Posted on: Monday, January 9, 2006

Families celebrate new year at festival

By Loren Moreno
Advertiser Staff Writer

Lincoln Okada of Tenrikyo Hawaii Dendocho turns mochi between pounds by Tate Yamashita, 3, and his dad, Scot, at the Japanese Cultural Center of Hawai'i's New Year's 'Ohana Festival. Many parents said they brought their kids to experience and preserve the culture.

JOAQUIN SIOPACK | The Honolulu Advertiser


JOAQUIN SIOPACK | The Honolulu Advertiser


With some help from his dad, Tate gave five hearty whacks to the tough, white rice mixture with a special kid-sized mallet at Mo'ili'ili Neighborhood Park. His mom and younger brother looked on with smiles.

"Nowadays there are not too many traditions left. I wanted to show him some of the traditions that have survived," said Tate's father, Scot Yamashita.

The New Year's 'Ohana Festival put on yesterday by the Japanese Cultural Center of Hawai'i gave the Yamashitas and other families an opportunity to share Japanese culture with the younger generation and to honor their heritage through food, art and entertainment.

Scot Yamashita of 'Aiea said he remembered seeing mochi-tsuki, or mochi pounding, and taiko drumming when he was young.

"It was pretty neat to see. We mainly came to expose them (his sons) to this," he said.

Mochitsuki is a Japanese New Year's custom that allows members of a community to reflect on the blessings and events of the previous year.

Before pounding mochi, Tate and his 1-year-old brother, Tobey, participated in another Japanese tradition gyotaku, or fish printing.

Dozens of children lined up to paint a real fish in a rainbow of colors and then press it against a sheet of white paper to make an imprint.

Tate had made a yellow fish print and left it to dry as he explored the booths and exhibits with his family.

Yamashita said he tries to expose his children to as many cultures as possible. Last summer, the Yamashitas visited England and Norway to expose the children to "the haole side," said Yamashita, who is hapa-haole.

"The world is so mixed now and I think it is important to teach him about every portion of his background," Yamashita said.

The festival included craft booths, a Japanese book sale, keiki craft activities, performances, games and storytelling, all to usher in a prosperous 2006.

Others saw the festival as an opportunity to indulge in Japanese cuisine.

Janette Freeman of Mo'ili'ili stood in line for 45 minutes to buy three okonomiyaki, a savory Japanese pancake with a variety of fillings.

"It's a really nice, unusual dish," said Freeman, who came specifically to the festival for the okonomiyaki. She said she has heard of only one place in Waikiki that serves the dish.

Malia Tanji, 27, of Kailua had been standing in line for 30 minutes and was about 15 to 20 people away from tasting her first okonomiyaki.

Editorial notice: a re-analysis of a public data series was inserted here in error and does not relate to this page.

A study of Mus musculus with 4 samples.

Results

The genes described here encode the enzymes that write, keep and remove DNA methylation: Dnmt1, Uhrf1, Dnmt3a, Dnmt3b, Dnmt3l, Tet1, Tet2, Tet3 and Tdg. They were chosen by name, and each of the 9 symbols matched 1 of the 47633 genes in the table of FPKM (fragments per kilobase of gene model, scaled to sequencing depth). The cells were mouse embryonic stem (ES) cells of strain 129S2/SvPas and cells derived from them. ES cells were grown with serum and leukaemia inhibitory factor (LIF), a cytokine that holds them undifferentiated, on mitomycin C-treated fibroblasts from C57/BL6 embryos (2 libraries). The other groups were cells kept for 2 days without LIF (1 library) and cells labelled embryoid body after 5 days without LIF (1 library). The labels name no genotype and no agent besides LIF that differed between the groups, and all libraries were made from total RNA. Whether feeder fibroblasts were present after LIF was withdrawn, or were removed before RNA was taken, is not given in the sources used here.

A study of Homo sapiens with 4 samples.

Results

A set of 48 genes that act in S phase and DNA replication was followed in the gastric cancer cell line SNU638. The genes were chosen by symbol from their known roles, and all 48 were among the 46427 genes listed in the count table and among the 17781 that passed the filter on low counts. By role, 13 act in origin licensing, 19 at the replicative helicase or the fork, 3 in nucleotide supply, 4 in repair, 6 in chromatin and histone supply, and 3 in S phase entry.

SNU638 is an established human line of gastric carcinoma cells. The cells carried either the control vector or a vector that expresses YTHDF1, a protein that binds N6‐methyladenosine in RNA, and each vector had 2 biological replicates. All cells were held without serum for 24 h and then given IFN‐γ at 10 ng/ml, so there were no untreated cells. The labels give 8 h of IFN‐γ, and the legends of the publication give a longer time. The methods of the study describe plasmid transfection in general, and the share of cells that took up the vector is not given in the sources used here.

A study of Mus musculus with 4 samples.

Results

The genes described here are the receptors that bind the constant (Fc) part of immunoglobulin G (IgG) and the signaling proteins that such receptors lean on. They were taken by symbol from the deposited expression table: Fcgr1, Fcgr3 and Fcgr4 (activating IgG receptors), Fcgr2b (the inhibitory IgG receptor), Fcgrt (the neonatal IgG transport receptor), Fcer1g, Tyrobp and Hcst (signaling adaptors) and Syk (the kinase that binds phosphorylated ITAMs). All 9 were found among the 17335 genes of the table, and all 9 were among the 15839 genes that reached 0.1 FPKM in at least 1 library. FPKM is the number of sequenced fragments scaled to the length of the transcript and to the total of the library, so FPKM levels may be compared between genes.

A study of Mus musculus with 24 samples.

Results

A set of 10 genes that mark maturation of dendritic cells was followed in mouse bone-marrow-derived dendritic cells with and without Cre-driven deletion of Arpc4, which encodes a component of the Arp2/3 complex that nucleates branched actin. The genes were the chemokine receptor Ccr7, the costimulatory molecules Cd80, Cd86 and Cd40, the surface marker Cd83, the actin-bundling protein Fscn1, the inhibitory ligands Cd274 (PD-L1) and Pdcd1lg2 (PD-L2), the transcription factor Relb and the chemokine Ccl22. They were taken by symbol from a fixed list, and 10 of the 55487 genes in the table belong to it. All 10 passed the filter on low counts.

"I've never tried it it's not something you can get everywhere," Tanji said.

Another big attraction yesterday was taiko drumming by Hawaii Matsuri Taiko of Wahiawa. The group played two sets in the morning and at one point invited spectators, mostly children, to try out the drums.

Kailua resident Janelle Henderson's two sons went on stage with their grandmother. Three-year-old Luke Henderson had a mini taiko drum set at home and wanted to give the big drums a try, Henderson said.

After a few drumbeats, Luke ran off stage toward his mother, who was taking pictures. "He wanted to tell me that he wants a big drum set like that," said Henderson, 35.

Luke has about four years before he is able to join a taiko group but is already getting a jump start, said his mother.

"He listens to his favorite musician, Kenny Endo, every morning," Henderson said. Luke owns a CD of the master taiko drummer, she said.

Luke's younger brother, Logan, also wants to become a taiko drummer, Henderson said.

Henderson said exposing her sons to the Japanese culture will help them better understand their family and keep traditions alive.

"I think it is important for them to know where they came from and understand our history," Henderson said.

Yesterday's festival also brought out many people not of Japanese ancestry who wanted to expose themselves and their children to the culture.

Five-year-old Leilani Schlesser was too busy to talk. She was pasting together a hagoita, a Japanese paddle game, using a wide array of colorful paper. Her mom, Malia Schlesser, said this is the third or fourth time the two have participated in a Japanese festival.

"I love learning about the Japanese culture," said Schlesser, 40, originally from Luxembourg. She said she thinks it is important for children to be exposed to many cultures so that they will become better citizens of the world.

"That's what Hawai'i is all about," Schlesser said.

Reach Loren Moreno at lmoreno@honoluluadvertiser.com.